Josie and Jake learn about forgiveness

by Janice Ross

Suitable for Key Stage 1


To learn about the power of forgiveness and importance of letting go of grudges.

Preparation and materials

  • Luggage tags with string attached.
  • Balloons (check allergy information).


1. Gather the children together to hear the story.

2. Tell the story: Josie and Jake learn about forgiveness.

Josie and Jake were friends. They had been friends in toddler group when they were just two years old and they had been friends in nursery when they were three and four year olds. Now they were big and grown up and in Reception/Class 1, but they were still good friends.

Josie was feeling very grumpy this morning. Nothing seemed to be going right for her. On the way to school Aaron had ridden past on his bike and splashed her new red tights. Then her friend Lucy hadn’t wanted to stand beside her in the line. Josie pretended not to care, but she was cross inside.

‘Good morning children,’ said Mrs Donaldson, their teacher. ‘Today we are going to talk about New Year. We are at the beginning of January. It’s a brand new year. Christmas is behind us and there are many new and exciting things ahead.’
‘At the start of a new year’, Mrs Donaldson continued, ‘people often take time to think about what they would like to do differently this year.
'Sometimes they make themselves promises. Some people say, "I will not eat as much chocolate as last year." These might be the people who have eaten too many sweeties over the Christmas holidays!
'Some people say, "I am going to get fit this year. Less TV and more walks."
'Some people say, "This is going to be the year when I study really hard and do well at school." 
'Some people say, "I am going to be kinder to my brother, sister or friends."
'We call these resolutions. A resolution means a decision. A resolution means I am going to decide to do something and I am really going to stick at it. This morning we are going to write our own resolutions for this New Year.'

Mrs Donaldson gave the children some luggage tags and asked them to write any resolutions they would like to make on them. Everyone got busy except Josie. She was still feeling grumpy and she didn’t want to think about new things. She was still thinking about old things. Things that had happened that morning. Things that were making her cross.

Aaron was busy writing his resolution. Josie felt annoyed when she looked at him. Lucy was busy writing her resolution. Josie signed sadly. Mrs Donaldson stopped at Josie’s desk.
‘Are you finding it hard to think of a resolution, Josie?’ she asked kindly.
Josie nodded.
‘I see your tights are all wet. Did you fall on the way to school this morning?’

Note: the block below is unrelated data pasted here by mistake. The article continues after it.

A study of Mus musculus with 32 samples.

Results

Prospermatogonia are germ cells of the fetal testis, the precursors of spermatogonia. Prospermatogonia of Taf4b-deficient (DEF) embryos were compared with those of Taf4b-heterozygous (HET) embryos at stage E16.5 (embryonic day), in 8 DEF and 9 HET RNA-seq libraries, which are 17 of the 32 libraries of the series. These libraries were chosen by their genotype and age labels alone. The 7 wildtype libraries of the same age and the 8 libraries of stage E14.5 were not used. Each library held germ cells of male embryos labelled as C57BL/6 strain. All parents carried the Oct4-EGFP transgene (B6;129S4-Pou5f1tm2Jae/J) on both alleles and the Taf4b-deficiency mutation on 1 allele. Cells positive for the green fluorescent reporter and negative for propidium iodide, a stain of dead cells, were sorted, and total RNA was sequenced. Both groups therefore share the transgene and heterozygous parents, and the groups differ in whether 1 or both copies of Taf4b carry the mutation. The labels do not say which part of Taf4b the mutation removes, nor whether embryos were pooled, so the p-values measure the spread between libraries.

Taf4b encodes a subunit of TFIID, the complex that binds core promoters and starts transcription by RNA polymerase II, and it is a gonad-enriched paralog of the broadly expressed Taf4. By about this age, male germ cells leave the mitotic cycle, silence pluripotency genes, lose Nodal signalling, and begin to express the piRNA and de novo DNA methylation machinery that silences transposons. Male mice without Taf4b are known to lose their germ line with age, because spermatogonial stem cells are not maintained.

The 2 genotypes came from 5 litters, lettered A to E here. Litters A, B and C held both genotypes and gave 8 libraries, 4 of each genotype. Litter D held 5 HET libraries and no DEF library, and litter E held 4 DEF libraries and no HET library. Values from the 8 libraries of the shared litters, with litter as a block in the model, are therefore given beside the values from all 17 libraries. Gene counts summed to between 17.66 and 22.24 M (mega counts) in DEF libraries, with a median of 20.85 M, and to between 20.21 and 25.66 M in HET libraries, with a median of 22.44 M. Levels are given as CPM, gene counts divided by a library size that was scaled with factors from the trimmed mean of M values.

‘No,’ said Josie angrily. ‘Aaron rode past me on his bike and soaked me.’
‘I see,’ said Mrs Donaldson
Aaron looked up.
‘Sorry, Josie,’ he said. ‘I didn’t mean to.’
‘And Lucy doesn’t want to be my friend anymore,’ Josie blurted out.
‘But I am your friend,’ replied Lucy, looking surprised.
‘Let’s stop for a few moments children,’ suggested Mrs Donaldson. ‘How many of you still have Christmas cards up at home? How many of you still have Christmas trees and decorations up? How many of you are still eating turkey? Imagine if we left our Christmas trees up all year. Imagine if all we had to eat turkey all year. That would be silly, wouldn’t it? Christmas and the Christmas holidays have been and gone, and it is time to move on. This is a very important lesson for us. We cannot start a New Year hanging on to the old year.’

Mrs Donaldson smiled at Josie as she continued.
‘Josie has started her day badly today. Imagine if she held on to all these disappointments and grumpy feelings tomorrow and the next day, and into February, and even right up to next Christmas. How do you think she would be feeling by then?’
 Josie laughed. ‘Very very cross,’ she said quietly.
‘I think we would all be feeling extremely cross by then,’ laughed Mrs Donaldson. ‘Can anyone suggest what Josie should do?’
‘Aaron and Lucy need to say sorry,’ suggested Melanie.
‘What a good answer!’ said Mrs Donaldson. ‘But there is one more thing.’
‘I need to forgive them,' whispered Josie sheepishly.
‘Well done,’ said Mrs Donaldson.
And everyone got back to work.
‘That could be my resolution,’ thought Josie. ‘I could decide to let go of my cross feelings. I could decide to forgive Aaron for making me wet and I could decide to forgive Lucy for not being my partner.’

At the end of the lesson Mrs Donaldson gave each child a balloon to which they attached their resolutions.
‘These will make the classroom look bright again,’ she said, looking round. ‘But Josie, there is something very special I want us to do with your balloon. Can we go take it outside?’
The children all watched as Josie let her balloon go. Higher and higher it went up into the sky until it couldn’t be seen any more.
Josie felt strangely happy.
‘You see, children - when we forgive and let go of hurts and disappointments and angry feelings, we feel free, just like that balloon,’ explained Mrs Donaldson. ‘Now, who would like some leftover Christmas chocolate?’

Time for reflection

Are there any ‘old things’ we need to let go of before we can enjoy a new year?
Like Josie, is there anyone we need to forgive?

Suggest that the children pick up a luggage label on the way out of assembly to record their resolutions. You may like to tie them on to balloons as Josie did in the story.

Dear God,
Thank you that you want us to be free and to enjoy life.
You know that we make many mistakes and often do wrong, but you are always willing to forgive us our sins.
Please help us to forgive others when they hurt us.


'When I needed a neighbour were you there?' (Come and Praise)

Publication date: January 2016   (Vol.18 No.1)    Published by SPCK, London, UK.